Cops accused of abusing sex workers


As KAPAL calls for decriminalization of sex work


MASERU – Sex workers in an illegal setting like such as Lesotho’s face a range of problems that are punctuated by increasing solicitation of bribes, assault, rape and rights violation from the police – and they are tired of it. Sex workers are demanding that sex work be legalised to reduce such incidences, which are mostly perpetrated by law enforcers. Key Affected Populations Alliance of Lesotho (KAPAL) says criminalising sex work is reported to be one of the factors that contribute to police brutality and rape, further noting that police officers have mostly been found to be perpetrators of the abuse that goes unreported and unpunished.

The fact that sex work remains illegal and discriminated against means most of the time sex workers are vulnerable to police abuse to avoid arrest. A sex worker who spoke to Public Eye on condition of anonymity said they fail to come forward to report abuse, police brutality and violation of their rights at the hands of the law officers because they fear possible arrests as their trade remains illegal. She said because of this, police officers usually get away with the abuse and violation of sex workers’ rights.

“The same law enforcers take advantage of the illegality of our business. They force us into sexual acts and threaten us with arrest if we do not comply,” she said. The sex worker continued that protecting them from police violence is just one of the numerous reasons sex work should be decriminalised. This would also help them to access health services and reduce the risk of violence against them from clients.

“If Lesotho had not criminalised sex work from the beginning, sex workers could better protect themselves and seek justice when they are abused,” she noted. This abuse, she said, mostly happens to youth trading sex in the streets, where a police officer will want to buy, want to take her to a certain place and when they get there, they harass, rape and even take away all the money sex workers have knowing well that no one will listen to their complaints of harassment.

KAPAL executive director, Lepheana Mosooane, describes sex work as the voluntary buying and selling of sex by two consenting adults, which he said is governed by rules and regulations. Mosooane urged sex workers to come forward to report abuse, criminalisation, police brutality and other acts that violate their rights. “On the other hand, prostitution refers to exchange of sex for goods, services or gifts by anyone with no governing regulations, come forward to report abuse, decriminalisation, police brutality and other acts that violate their rights,” he said.

Some of the crimes under prostitution include sex with underage children, use of drugs, human trafficking and sex slavery. “Therefore,” he added, “prostitution carries stigma and paints a bad picture on sex workers seeking health services, social inclusion, public services, community duties and religious duties,” Mosooane explained. Apart from that, he said decriminalisation means removal of criminal and administrative penalties relating specifically to sex work, pointing out that “decriminalisation should seek to recognise sex work as work governed by labour laws and other related laws.”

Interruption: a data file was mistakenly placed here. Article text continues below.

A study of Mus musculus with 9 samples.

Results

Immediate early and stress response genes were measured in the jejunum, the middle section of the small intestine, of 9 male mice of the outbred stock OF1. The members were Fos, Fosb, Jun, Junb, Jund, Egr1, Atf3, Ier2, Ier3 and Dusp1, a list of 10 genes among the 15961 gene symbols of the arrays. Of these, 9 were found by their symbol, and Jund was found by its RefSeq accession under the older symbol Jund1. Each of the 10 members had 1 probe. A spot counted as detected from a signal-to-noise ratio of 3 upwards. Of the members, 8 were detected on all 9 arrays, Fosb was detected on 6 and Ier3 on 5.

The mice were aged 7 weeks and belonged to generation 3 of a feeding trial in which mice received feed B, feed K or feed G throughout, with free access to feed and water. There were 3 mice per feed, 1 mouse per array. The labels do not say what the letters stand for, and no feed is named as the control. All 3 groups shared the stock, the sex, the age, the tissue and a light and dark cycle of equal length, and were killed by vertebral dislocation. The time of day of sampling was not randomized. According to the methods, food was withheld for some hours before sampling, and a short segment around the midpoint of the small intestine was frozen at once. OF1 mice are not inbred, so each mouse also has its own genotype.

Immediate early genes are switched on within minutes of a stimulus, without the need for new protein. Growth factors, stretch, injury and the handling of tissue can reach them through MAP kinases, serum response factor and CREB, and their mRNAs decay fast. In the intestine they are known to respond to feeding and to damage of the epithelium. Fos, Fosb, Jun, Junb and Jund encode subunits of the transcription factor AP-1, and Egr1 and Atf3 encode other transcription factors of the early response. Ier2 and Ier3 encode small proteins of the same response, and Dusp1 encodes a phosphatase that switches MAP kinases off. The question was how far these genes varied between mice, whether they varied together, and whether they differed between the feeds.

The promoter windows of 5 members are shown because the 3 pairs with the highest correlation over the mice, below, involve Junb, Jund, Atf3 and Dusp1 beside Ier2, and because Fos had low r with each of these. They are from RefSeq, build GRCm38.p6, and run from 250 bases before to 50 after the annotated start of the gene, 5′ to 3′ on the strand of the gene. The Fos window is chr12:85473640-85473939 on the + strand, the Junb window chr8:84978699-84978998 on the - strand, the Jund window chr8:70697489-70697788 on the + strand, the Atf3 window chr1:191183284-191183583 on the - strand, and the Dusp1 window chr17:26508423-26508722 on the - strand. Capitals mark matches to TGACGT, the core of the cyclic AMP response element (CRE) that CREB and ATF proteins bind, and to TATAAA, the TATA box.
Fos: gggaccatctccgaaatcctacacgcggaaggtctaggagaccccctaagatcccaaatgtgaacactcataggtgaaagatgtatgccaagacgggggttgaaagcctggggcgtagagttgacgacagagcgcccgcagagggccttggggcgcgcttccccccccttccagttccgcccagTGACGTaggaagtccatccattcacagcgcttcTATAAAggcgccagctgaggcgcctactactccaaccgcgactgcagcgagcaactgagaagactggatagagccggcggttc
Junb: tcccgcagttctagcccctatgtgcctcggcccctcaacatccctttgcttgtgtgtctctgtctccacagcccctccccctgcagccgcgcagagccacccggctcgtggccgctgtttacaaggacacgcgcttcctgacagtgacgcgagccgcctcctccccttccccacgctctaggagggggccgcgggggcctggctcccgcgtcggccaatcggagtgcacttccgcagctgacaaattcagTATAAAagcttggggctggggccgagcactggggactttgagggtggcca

Mosooane further said criminalisation of sex work is also a contributing factor to new HIV infection, violates the right to economic development and promotes violence, stigma and discrimination towards sex workers. Quizzed on the decriminalisation of sex work in the streets of Maseru, Leronti Lebofa said the move will allow sex workers to protect their own health. He noted that this is a group of people which sometimes goes without medical care out of fear of arrest or poor treatment by medical staff in health facilities.

“It is not right that the law perceives sex work as different from people doing other jobs, sex workers deserve the same legal protection as other people so that they are able to maintain their livelihoods without fear of violence and arrest, with access to health care to protect themselves,” he said. KAPAL recently hosted a media training session in Maseru for practicing journalists to intensify knowledge on sex work-related issues, identify and apply knowledge to protect the rights of sex workers as well as understanding the basic legal context of sex work.

KAPAL is implementing a six months’ project implemented in Maseru City, aimed at training media personnel on sex workers’ issues, lobbying Members of Parliament to decriminalise sex work and seeking the constitutional court’s intervention in case members of parliament are not interested in decriminalising sex work. KAPAL is a Lesotho organisation advocating for the rights of key populations through advocacy, capacity building and empowerment.